The Charlotte Symphony's “So You Think You Can Conduct” contest is headed for its climax. In the wake of four candidates who stepped onto the podium last season, vying to become the orchestra's next music director, four more will join the contest.

The next quartet is an international group. One is American: Andrew Grams, whose concerts as a last-minute substitute in April 2007 made some people want to hire him on the spot. Grams' rivals, after last season's three Americans and one German, include a Briton, Christopher Warren-Green; ; a Swiss native who lived in Africa until he was 10, Thierry Fischer; and a Bulgarian trained partly in the United States, Rossen Milanov.

The orchestra expects to pick the winner in the spring. But he – all the candidates are men, by the way – won't take over for another year. So Christof Perick, the orchestra's leader since September 2001, is still in charge.

He'll start the season with a bang. The opening concerts will hold Gustav Mahler's Symphony No. 1, which culminates in one of the most powerful bursts of musical optimism since Beethoven. It's a piece that the orchestra scheduled for 2006 but dropped in a round of budget-cutting. The orchestra's No. 2 conductor, Alan Yamamoto, will lead another work sacrificed to the budget gods: John Adams' sonorous “Harmonielehre,” a 1985 opus that's on its way to classic status.

The orchestra will have other notable guests as soloists. The opener will bring back German soprano Heidi Meier, whose ability to sound either virginal or sultry was just right for Carl Orff's “Carmina Burana” last spring. The instrumentalists include two dynamic pianists: Andre Watts, who has been exuding enthusiasm ever since he was a teenager in the 1960s, and Ingrid Fliter, a young Argentine full of pizazz and spontaneity.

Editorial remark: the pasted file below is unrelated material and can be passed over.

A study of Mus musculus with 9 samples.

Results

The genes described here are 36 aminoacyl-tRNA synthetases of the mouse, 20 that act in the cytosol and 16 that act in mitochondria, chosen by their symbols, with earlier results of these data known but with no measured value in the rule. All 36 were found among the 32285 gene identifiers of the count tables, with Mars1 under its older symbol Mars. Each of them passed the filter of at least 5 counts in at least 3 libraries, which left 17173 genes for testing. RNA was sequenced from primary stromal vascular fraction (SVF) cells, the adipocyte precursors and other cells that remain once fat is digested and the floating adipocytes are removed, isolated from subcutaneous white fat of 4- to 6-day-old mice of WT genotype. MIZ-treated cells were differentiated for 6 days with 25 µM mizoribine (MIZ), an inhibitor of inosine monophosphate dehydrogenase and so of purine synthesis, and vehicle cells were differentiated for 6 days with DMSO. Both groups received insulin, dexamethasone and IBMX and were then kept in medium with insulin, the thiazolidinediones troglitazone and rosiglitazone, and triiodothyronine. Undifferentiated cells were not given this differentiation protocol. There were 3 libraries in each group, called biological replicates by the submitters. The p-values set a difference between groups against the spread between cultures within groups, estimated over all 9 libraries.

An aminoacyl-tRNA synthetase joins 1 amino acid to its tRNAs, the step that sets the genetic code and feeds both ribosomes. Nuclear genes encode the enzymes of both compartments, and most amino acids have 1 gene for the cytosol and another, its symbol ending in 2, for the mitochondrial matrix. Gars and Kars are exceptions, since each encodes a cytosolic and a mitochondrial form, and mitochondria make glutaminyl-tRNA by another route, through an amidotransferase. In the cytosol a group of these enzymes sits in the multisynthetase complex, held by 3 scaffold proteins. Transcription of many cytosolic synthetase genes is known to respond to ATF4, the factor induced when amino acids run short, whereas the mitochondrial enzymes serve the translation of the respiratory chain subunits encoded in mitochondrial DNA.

While the orchestra prepares to match up with a conductor, Opera Carolina will tell its own tales of suitors and liaisons. In Gounod's “Faust,” romance blossoms with a boost from the devil. Rossini's “The Barber of Seville” depends on the quick-thinking title character to help two young people become lovebirds. In Mozart's “The Marriage of Figaro,” based on the play that was the sequel to the one that inspired “Barber of Seville,” the barber needs all his wits to keep his own nuptials on track. Puccini's “Turandot” features the ultimate Miss Hard to Get: a princess whose first official act on appearing onstage is to send a suitor to his death.

But her next gentleman caller fares better. That should be an encouraging thought for the conductors who court the Charlotte Symphony. Yes, their tryout weeks may be taxing, what with rehearsals, meetings and concerts. But no one will be beheaded.